Happiness and Midlife Crisis

Reflections on a Happier Midlife

Most people, including myself, tend to view happiness in a very personal way. One way I experience happiness – among many possible ways – is being in harmony with myself, my family, my associates, friends and wider community. Another person may view happiness as “having the freedom, health and opportunity to do great things for myself and others.” That too is a powerful message. Can we be happy even though we may be in the grip of what is commonly called a “midlife crisis”? In a new free e-Book 25 Reflections on a Happier Midlife and Beyond, Dr. Fred Horowitz and I explore this question and many others touching on “midlife crisis” and happiness. Here are some of our reflections.

The Happiness Continuum

Marcie Shimoff interviewed 100 people she considered to be happy. Writing in Happy for no reason, she came up with the notion of a happiness continuum. On one end of the continuum, you can be unhappy experiencing such emotions as fatigue or melancholy or thinking that you be in the throes of a “midlife crisis.” On the other end of the continuum, you can be happy for no reason. She describes this as a state of peace and well-being that does not depend on external circumstances.

In between these two levels are being happy for a “bad reason,” such as feeling good in the moment because of drugs, alcohol, over eating or any other addiction. There is also being happy for a “good reason,” such as getting a raise, having money in the bank, or being in love.

Dr. Fred Horowitz is an executive coach and specialist in “midlife crisis” coping strategies. He asserts that “while we may be experiencing a crisis, at our core, we still can be connected to a sense of well-being and peace.”

Three Kinds of Happiness

Robert Holden, a British researcher, has studied happiness for over 10 years, and describes the meaning of happiness in his book, Be happy. He posits that there are three kinds of happiness: sensory happiness or pleasure, circumstantial happiness or satisfaction, and unreasonable happiness or joy.

The first kind of happiness, pleasure, comes from our physical senses. He claims that there are both positive and negative aspects to this kind of happiness. On the positive side, sensory happiness is natural and life affirming; it gives you a sense of aliveness and connection with others. However, sensory happiness relies on an external stimulus and can be very transitory.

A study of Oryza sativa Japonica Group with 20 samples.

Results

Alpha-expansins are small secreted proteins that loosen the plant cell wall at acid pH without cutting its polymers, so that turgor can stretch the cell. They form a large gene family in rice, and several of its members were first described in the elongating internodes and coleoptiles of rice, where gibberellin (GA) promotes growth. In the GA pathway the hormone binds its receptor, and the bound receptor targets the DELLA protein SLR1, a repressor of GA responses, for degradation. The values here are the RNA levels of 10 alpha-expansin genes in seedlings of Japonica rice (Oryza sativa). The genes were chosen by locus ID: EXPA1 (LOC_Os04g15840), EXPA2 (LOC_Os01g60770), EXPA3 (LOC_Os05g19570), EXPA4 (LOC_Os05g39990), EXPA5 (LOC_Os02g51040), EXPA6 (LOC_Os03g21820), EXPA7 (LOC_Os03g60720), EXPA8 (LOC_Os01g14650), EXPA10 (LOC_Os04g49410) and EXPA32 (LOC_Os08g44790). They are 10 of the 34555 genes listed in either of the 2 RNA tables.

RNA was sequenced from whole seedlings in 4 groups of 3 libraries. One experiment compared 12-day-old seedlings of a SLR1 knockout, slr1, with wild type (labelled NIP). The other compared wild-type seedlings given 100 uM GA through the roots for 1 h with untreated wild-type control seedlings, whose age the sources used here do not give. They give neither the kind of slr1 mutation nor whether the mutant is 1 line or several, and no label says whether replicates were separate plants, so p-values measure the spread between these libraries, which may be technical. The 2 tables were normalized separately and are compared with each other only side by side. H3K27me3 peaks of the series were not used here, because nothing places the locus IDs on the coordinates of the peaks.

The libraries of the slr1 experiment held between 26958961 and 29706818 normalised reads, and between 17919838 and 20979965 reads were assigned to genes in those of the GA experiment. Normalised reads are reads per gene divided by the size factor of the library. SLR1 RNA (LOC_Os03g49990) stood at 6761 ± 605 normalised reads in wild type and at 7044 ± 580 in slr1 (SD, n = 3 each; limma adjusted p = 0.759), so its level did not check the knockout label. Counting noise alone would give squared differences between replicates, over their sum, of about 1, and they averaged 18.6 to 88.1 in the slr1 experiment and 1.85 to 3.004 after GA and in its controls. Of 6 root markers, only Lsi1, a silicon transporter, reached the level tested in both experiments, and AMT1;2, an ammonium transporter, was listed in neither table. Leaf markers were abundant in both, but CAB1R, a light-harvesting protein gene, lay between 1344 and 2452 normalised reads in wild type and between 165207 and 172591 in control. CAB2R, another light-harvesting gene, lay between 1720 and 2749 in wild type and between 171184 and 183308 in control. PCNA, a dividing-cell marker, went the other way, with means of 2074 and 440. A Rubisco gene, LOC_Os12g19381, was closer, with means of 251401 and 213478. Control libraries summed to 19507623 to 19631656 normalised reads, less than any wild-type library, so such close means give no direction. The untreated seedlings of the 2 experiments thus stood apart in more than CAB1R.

Holden refers to the second type of happiness as circumstantial happiness or simply satisfaction. We might think of this as being fulfilled or having a sense of subjective well-being. For example, we can have life satisfaction or job satisfaction. We can also get a lot of satisfaction from learning and growing. However, this too has its upside and downside. This kind of happiness also depends on external sources. It also tends to fade over time; we tend to quickly adapt to this kind of happiness and expect even more in the future. This can really play havoc with our peace of mind.

The Real Meaning of Happiness

Holden refers to a third type of happiness that he calls unreasonable happiness or being joyful. This is very similar to Shimoff’s notion of being happy for no reason. He states that “unless you cultivate awareness of joy, no amount of pleasure or satisfaction can make you happy.”

Dr. Fred Horowitz and I strongly believe that you do need not buy into the notion of “midlife crisis.” In a new free e-Book, we make the case that you can develop the capacity to create peace and happiness irrespective of external conditions.

Dr. Frank Bonkowski is an educator, writer and author of bestselling educational textbooks. He is co-founder, with Dr. Fred Horowitz, of http://www.happiness-after-midlife.com/sitesell.html, an educational website for midlifers and beyond devoted to adult transition and reinvention. Get the free e-Book, 25 Reflections on a Happier Midlife and Beyond, at http://www.happiness-after-midlife.com/get-free-e-book.html.